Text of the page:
Arsenal Vs Brighton: Highlights and analysis – Predictably pathetic

BRIGHTON, ENGLAND - MARCH 04: Arsene Wenger, Manager of Arsenal looks dejected during the Premier League match between Brighton and Hove Albion and Arsenal at Amex Stadium on March 4, 2018 in Brighton, England. (Photo by Christopher Lee/Getty Images)
BRIGHTON, ENGLAND - MARCH 04: Arsene Wenger, Manager of Arsenal looks dejected during the Premier League match between Brighton and Hove Albion and Arsenal at Amex Stadium on March 4, 2018 in Brighton, England. (Photo by Christopher Lee/Getty Images) /

Arsenal travelled to the Amex on Sunday in desperate need of a confidence-inspiring win. They didn’t get one. Here is the full recap, all the highlights and analysis of the 2-1 loss.

Well, that was predictably rubbish. Arsenal travelled to the South Coast to face Brighton and Hove Albion low on confidence and a crisis of sorts threatening to engulf Arsene Wenger and the club. What they didn’t need was to concede an early goal. So, they decided to concede two instead. The response, while ultimately unsuccessful, was better than in recent weeks, but defensive deficiencies had already played their part. This just isn’t a very good team anymore.


Brighton, on their first counter-attack of the match, fed the ball out to Ezequiel Schelotto at right back, who marauded up and down the right flank throughout the first 45 minutes. The Italian drove at Granit Xhaka, who was scared to commit to a challenge, backing his way into his own penalty area, skipped past him and whipped a low cross into the six-yard box that deflected out for a corner. From the resultant corner, Petr Cech failed to claim the aerial ball with Shane Duffy challenging. The loose punch diverted back into the penalty area that Lewis Dunk turned home with an instinctive finish.


It then got worse. Glenn Murray continued his excellent run of form, but make no mistake about it, this was an Arsenal-wrapped gift. First, Laurent Koscielny passed the ball away. Then, Sead Kolasinac charged in to try and recover possession, vacating his position at left-back. Koscielny was then forced to charge down the cross Pascal Gross, which he did not want to do, failing to get close enough to enforce any pressure on him. Shkodran Mustafi, meanwhile, had no clue where Murray was, who had slipped in behind the defender. Finally, Petr Cech allowed the header, which was from close-range and contacted with pace and conviction, to squirm under his body. Shocking. Truly shocking.

At this point, the picture was a bleak one. But there was a brief glimmer offered just before the break. As the loose ball fell to Granit Xhaka in the penalty area, his cross-come-shot was thrashed towards the far post and inventively flicked past Matt Ryan by Pierre-Emerick Aubameyang. The striker had looked lost for much of the game, with confidence clearly low. This was an important breakthrough.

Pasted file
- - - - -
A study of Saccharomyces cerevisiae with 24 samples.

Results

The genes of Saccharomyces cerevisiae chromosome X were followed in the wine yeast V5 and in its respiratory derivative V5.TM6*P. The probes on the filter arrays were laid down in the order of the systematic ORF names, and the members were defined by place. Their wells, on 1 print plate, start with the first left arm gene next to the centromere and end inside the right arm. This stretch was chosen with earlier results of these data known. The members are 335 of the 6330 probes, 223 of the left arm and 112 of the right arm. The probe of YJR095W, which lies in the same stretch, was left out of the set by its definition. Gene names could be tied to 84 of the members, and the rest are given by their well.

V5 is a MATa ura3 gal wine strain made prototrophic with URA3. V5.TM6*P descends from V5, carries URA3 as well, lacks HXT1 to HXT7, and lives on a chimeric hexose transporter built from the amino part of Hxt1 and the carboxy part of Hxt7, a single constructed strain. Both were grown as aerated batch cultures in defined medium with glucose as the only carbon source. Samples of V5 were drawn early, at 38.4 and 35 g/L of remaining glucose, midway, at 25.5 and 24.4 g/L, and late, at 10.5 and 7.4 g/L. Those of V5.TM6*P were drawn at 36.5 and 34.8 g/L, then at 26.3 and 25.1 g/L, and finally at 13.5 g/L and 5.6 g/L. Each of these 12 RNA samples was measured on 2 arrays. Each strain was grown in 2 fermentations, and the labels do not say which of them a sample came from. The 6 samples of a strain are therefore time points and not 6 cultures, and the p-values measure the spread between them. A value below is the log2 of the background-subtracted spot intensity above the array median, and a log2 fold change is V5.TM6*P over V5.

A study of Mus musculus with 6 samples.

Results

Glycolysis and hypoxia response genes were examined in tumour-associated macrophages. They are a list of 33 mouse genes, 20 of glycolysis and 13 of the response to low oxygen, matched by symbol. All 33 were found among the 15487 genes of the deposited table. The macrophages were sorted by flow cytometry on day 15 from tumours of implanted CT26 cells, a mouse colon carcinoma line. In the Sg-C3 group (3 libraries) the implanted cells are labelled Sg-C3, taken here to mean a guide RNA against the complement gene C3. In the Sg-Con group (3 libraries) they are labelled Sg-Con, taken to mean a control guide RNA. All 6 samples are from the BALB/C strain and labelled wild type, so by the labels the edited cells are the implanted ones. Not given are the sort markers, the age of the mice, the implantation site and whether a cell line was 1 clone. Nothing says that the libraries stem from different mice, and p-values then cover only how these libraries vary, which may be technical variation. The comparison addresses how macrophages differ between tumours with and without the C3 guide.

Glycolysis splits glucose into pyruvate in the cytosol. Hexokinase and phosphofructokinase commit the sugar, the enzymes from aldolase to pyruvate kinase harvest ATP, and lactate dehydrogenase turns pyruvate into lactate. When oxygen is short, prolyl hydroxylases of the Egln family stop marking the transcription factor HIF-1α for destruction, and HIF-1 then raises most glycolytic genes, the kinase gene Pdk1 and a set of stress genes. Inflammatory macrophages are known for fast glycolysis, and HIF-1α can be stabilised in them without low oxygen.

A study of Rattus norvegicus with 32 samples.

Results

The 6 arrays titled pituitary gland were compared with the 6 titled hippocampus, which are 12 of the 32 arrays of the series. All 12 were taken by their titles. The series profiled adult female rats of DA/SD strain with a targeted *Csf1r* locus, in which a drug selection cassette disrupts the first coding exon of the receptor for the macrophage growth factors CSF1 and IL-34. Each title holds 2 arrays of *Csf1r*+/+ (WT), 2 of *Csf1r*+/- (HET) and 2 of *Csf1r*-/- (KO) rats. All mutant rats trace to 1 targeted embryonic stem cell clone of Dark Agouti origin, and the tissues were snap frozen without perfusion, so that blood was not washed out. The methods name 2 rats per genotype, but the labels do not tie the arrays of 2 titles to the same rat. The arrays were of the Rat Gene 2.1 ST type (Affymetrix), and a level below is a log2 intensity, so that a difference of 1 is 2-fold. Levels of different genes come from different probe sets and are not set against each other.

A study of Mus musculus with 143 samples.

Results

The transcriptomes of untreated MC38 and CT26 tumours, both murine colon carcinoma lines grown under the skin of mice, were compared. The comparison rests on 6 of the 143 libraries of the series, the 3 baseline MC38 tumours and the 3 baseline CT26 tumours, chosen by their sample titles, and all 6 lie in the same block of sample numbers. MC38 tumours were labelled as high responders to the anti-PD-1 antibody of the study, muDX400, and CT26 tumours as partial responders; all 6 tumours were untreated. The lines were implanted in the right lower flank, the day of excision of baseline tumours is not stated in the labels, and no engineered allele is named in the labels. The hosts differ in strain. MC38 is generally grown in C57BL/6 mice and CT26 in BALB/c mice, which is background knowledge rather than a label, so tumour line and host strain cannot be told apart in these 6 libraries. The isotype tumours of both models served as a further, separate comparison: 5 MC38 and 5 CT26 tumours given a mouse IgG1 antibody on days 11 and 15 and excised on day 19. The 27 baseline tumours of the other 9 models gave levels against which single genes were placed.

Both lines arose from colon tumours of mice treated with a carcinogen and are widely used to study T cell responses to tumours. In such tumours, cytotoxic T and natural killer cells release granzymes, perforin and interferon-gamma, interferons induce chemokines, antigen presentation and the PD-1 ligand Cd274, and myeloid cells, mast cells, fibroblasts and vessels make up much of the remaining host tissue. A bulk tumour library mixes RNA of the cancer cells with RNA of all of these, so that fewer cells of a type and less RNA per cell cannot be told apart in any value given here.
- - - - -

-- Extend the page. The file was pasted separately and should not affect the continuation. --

In the final few minutes of the half, the momentum change was evident. Brighton began to look nervous; Arsenal took heart. They hit the post from a deflected Henrikh Mkhitaryan cross and they, like the start of the half, began to play their football very much in Brighton’s half. But the damage had already been done and the work was still to come. Arsenal needed an excellent second half.

They did show fight after the break. Jack Wilshere was especially feisty in midfield after a passive first half, and although there were still vulnerabilities in the defensive third, they created a few opportunities in attack. Pierre-Emerick Aubameyang’s speed released him into the channel between centre-half and full-back, only to round the goalkeeper and find his angle too acute, while Mesut Ozil struck a powerful, swerving shot from distance that forced Matt Ryan into a good, palmed save.

The momentum, though, was building. Until Sead Kolasinac clambered his way into the face of Ezequiel Schelotto forcing a lengthy delay as he was treated to with a nasty head injury. It was a challenge that was perhaps deserving of a yellow card, and with Kolasinac already having been cautioned earlier in the match, there shouts from the fans for a greater punishment.

As the half progressed and Arsenal grew more and more desperate in their search for an equaliser, Brighton enjoyed greater space on the break. Glenn Murray, had he had even an ounce of the pace that his 30-year-old self had, would have been in on the goal with only Petr Cech to beat, while Jose Izquierdo threatened with his pace and direct running down the left flank.

Wenger threw on the likes of Hector Bellerin, Danny Welbeck and young Eddie Nketiah in an attempt to inspire some attacking spark from his side, but while they huffed and puffed, the lack of quality in their final delivery was painfully evident. Arsenal did show a far greater commitment in this game than in recent losses to Manchester City and FK Ostersunds, but, ultimately, Brighton were able to repel their best advances.

Nketiah did flick a header towards the goal, though it lacked the requisite power and precision to ever trouble Matt Ryan, Jack Wilshere volleyed wide from distance after a corner snook through the legs ans worked its way to his thigh, and Aubameyang shot straight at Ryan on the spin when he perhaps should have done better with the snap-effort.